Dalcetrapib Benefits Genetic Subgroup of ACS Patients: Analysis

January 22, 2015

MONTREAL, QC — Data from a pharmacogenomic analysis hints at the possibility that dalcetrapib, which boosts levels of HDL cholesterol but didn't seem to affect the risk of cardiovascular events in a large morbidity and mortality trial, might still have clinical benefits.

In a new genetic analysis of the dal-OUTCOMES trial, as well as the dal-PLAQUE-2 imaging study, investigators suggest a benefit of dalcetrapib might exist in a group of patients with a certain genetic profile. Specifically, individuals homozygous for variant in the ADCY9 gene responded positively to dalcetrapib and experienced a significant reduction in cardiovascular risk when treated with the cholesteryl ester transfer protein (CETP) inhibitor.

"This pharmacogenomic study demonstrates that cardiovascular responses to dalcetrapib are determined by the genetic profile of patients with coronary artery disease," according to lead investigator Dr Jean-Claude Tardif (Montreal Heart Institute, QC). "Indeed, several polymorphisms in the ADCY9 gene influenced the effects of dalcetrapib on cardiovascular clinical outcomes and changes over time in carotid atherosclerosis."

As reported previously by heartwire , the dal-OUTCOMES study, which was published in 2012 in the New England Journal of Medicine, showed dalcetrapib raised HDL-cholesterol levels 30% but did not reduce clinical events among the nearly 8000 ACS patients who received the drug.

In their genomewide-association study, which is published January 12, 2015 in Circulation: Cardiovascular Genetics, the researchers identified a single nucleotide polymorphism (SNP) on chromosome 16 in ADCY9 that was associated with cardiovascular events among patients treated with dalcetrapib (rs1967309).

When they stratified by genotypes in the dalcetrapib arm, individuals homozygous with the AA genotype (minor allele) in ADCY9 had a statistically significant 39% relative reduction in the risk of the composite end point of coronary heart disease death, resuscitated cardiac arrest, nonfatal MI, nonfatal stroke, unstable angina, or urgent coronary revascularization compared with placebo. For homozygous wild-type patients with the GG genotype (major allele), there was a significant 27% increase in risk. For those with the AG genotype, these heterozygous patients had a nonsignificant intermediate response to therapy.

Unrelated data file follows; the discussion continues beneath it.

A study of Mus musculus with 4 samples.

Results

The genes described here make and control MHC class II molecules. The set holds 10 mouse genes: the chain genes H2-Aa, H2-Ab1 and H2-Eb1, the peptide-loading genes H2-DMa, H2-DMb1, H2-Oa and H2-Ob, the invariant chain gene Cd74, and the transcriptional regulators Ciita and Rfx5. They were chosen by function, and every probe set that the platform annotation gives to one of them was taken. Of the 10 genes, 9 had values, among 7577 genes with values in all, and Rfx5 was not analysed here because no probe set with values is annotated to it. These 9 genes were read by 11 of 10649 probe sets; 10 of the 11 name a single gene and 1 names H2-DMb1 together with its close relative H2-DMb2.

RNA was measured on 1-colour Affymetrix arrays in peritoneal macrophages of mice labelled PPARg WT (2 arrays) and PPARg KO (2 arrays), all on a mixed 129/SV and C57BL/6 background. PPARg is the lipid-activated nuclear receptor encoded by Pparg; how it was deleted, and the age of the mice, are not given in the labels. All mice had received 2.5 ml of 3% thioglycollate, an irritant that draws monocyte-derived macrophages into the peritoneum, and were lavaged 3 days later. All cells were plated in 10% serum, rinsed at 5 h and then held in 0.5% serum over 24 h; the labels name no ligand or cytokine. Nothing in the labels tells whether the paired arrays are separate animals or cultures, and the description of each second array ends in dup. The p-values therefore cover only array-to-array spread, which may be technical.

Next, the researchers evaluated samples from the dal-PLAQUE-2 study, an imaging trial showing that dalcetrapib did not positively alter atherosclerosis as measured by carotid intima-media thickness (IMT). Again, individuals homozygous for rs1967309 showed a significant reduction in IMT when treated with dalcetrapib. In contrast, the ACS patients with a wild-type genotype showed a progression in coronary atherosclerosis.

The researchers say that patients homozygous with the protective genotype made up approximately 20% of the participants in the dal-OUTCOMES study. They are currently in the planning stages of a genetics-based clinical trial conducted in patients responsive to dalcetrapib that would prospectively test the CETP inhibitor once again. As Tardif and colleagues point out, a successful outcome in such a trial would open the door for personalized cardiovascular therapy.

Dalcetrapib was the second CETP inhibitor to fail in clinical development. As reported previously by heartwire , torcetrapib was abandoned when studies showed it appeared to increase the risk of cardiovascular events despite substantially increasing HDL-cholesterol levels.

The dal-OUTCOMES and dal-PLAQUE-2 studies were funded by Hoffman-La Roche. A patent was submitted based on these findings and Tardif is mentioned as an author. Disclosures for the coauthors are listed in the article.